The Bang Bang Club (2010)
Directed by Steven Silver
Starring: Ryan Phillippe, Malin Akerman, Taylor Kitsch
Steven Silver moved his directing career in a new direction with this film. Silver has been a documentary filmmaker for 10 years and The Bang Bang Club was his first attempt at a feature film. The movie stars Ryan Phillippe, Malin Akerman, and Taylor Kitsch. Phillippe has been in a number of good movies including The Lincoln Lawyer and White Squall. Malin Akerman has made a career with movies quite different in subject from this one. Her films include 27 Dresses and The Proposal. Taylor Kitsch could be considered a rising star. He’s in the big-budget Disney film John Carter, and has had roles in movies like The Covanent and John Tucker Must Die.
This movie is the true story of a group of war photographers who grouped together and formed the Bang Bang Club. The club included Kevin Carter (Kitsch), Ken Oosterbroek, Greg Marinovich (Phillippe), and João Silva. During the anti-Apartheid violence in South Africa these four men risked their lives to capture images from the townships. As they sought out the next big moment, the put their lives in danger for the sake of the perfect frame. They had opposition from the South African government, as well as the people on the other side of the fight who didn’t trust them. On their side were the people in the fight who wanted the world to see the truth. This included editor Robin Comley (Akerman), who did everything she could to publish the images. This group of brave individuals didn’t change the way things went, they just captured the events as they unfolded. In the end they would all have a price top pay for what they had seen.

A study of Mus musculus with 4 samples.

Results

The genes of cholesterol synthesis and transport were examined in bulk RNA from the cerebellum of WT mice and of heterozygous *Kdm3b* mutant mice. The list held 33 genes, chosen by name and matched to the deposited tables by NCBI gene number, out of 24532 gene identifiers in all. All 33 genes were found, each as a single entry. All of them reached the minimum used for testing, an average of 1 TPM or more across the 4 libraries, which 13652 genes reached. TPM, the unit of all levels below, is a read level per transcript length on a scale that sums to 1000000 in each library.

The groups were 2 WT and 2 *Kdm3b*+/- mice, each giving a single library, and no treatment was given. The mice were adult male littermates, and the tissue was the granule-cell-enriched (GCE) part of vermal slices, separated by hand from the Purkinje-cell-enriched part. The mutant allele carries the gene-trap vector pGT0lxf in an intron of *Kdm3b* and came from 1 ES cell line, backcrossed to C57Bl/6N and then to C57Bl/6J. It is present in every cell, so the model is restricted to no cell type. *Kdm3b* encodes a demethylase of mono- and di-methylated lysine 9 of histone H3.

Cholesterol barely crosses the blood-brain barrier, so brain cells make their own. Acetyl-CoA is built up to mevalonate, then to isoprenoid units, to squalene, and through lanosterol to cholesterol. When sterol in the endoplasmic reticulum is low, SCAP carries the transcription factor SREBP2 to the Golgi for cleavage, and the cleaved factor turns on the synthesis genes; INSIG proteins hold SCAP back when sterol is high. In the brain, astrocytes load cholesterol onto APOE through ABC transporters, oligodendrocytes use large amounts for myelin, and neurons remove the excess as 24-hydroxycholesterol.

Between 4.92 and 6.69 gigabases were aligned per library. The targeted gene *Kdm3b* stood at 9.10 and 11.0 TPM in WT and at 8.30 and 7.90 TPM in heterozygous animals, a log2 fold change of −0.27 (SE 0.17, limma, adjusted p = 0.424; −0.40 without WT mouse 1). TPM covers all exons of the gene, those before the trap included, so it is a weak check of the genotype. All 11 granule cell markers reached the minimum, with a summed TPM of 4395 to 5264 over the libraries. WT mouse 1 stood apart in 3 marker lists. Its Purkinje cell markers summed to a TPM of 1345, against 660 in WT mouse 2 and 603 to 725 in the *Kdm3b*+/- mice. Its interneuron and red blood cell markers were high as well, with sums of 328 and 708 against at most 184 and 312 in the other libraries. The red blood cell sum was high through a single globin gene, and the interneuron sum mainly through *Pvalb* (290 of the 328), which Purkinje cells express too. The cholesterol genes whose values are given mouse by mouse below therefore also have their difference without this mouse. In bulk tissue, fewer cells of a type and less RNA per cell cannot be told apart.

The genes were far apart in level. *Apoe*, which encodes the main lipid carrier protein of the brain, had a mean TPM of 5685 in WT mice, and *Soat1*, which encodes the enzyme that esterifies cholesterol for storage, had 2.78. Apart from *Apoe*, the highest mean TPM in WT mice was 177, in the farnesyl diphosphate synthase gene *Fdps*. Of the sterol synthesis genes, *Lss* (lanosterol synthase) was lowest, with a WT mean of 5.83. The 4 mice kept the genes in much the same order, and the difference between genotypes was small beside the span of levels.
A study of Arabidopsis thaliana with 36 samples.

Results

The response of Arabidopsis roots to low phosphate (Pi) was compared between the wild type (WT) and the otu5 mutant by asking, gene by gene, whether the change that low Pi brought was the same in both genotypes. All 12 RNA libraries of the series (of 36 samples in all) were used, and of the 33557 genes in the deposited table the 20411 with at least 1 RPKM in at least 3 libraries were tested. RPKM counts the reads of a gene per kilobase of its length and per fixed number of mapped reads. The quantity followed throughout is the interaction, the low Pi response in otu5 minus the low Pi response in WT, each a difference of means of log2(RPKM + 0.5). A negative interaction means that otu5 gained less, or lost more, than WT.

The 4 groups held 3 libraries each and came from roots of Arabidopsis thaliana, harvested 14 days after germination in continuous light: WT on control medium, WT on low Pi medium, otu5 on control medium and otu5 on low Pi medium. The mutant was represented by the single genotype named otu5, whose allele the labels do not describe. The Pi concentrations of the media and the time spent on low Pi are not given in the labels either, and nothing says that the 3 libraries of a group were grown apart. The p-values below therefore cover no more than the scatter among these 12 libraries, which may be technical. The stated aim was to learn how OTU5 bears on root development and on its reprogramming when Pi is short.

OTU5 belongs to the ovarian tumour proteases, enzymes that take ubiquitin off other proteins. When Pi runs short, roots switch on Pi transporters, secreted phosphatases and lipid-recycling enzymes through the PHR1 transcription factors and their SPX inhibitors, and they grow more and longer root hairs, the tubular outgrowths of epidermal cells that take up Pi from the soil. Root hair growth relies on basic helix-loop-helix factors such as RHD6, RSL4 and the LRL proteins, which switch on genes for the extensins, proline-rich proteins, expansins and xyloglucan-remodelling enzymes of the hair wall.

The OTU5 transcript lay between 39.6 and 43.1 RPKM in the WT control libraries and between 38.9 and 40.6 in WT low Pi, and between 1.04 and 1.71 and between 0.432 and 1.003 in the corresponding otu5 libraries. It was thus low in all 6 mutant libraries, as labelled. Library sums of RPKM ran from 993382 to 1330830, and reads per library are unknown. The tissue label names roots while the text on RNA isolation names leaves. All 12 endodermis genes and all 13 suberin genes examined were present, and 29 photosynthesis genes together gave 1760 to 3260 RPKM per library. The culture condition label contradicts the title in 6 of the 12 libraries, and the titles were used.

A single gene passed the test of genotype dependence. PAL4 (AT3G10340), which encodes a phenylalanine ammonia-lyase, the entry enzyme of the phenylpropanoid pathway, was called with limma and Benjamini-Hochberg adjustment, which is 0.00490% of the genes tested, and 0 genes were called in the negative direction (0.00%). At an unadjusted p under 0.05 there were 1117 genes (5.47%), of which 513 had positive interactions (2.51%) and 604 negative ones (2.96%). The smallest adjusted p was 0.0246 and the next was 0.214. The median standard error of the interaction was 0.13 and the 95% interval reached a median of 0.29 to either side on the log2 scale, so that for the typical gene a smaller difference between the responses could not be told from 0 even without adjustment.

This is a really well-made movie. The action and the violence is portrayed throughout the film with harsh realism. The actors all seem to fit the roles they’ve been given as well. It was interesting to see them in action with cameras. They all seemed comfortable behind their lenses which added to the authenticity of the story.
Any criticism from the movie is the lack of time spent on the background of the men at the center of the story. The film initially focuses on Marinovich and only later expands it’s view. This might have been the only way to make this movie without it being 3 hours long, but I would have liked a tiny bit more information.
Having spent some time in South Africa, I understand how this period of time affected the people who lived there. The images these men took changed the way the world learned about the violence in South Africa and other countries. This film didn’t attempt to capture the whole story, just the moments when certain iconic images were taken. I think this is an incredible look at some unknown events from our recent world history. The movie doesn’t pull any punches so if you’re not able to handle violence this might not be the one for you. I give this movie 4.3 out of 5 stars.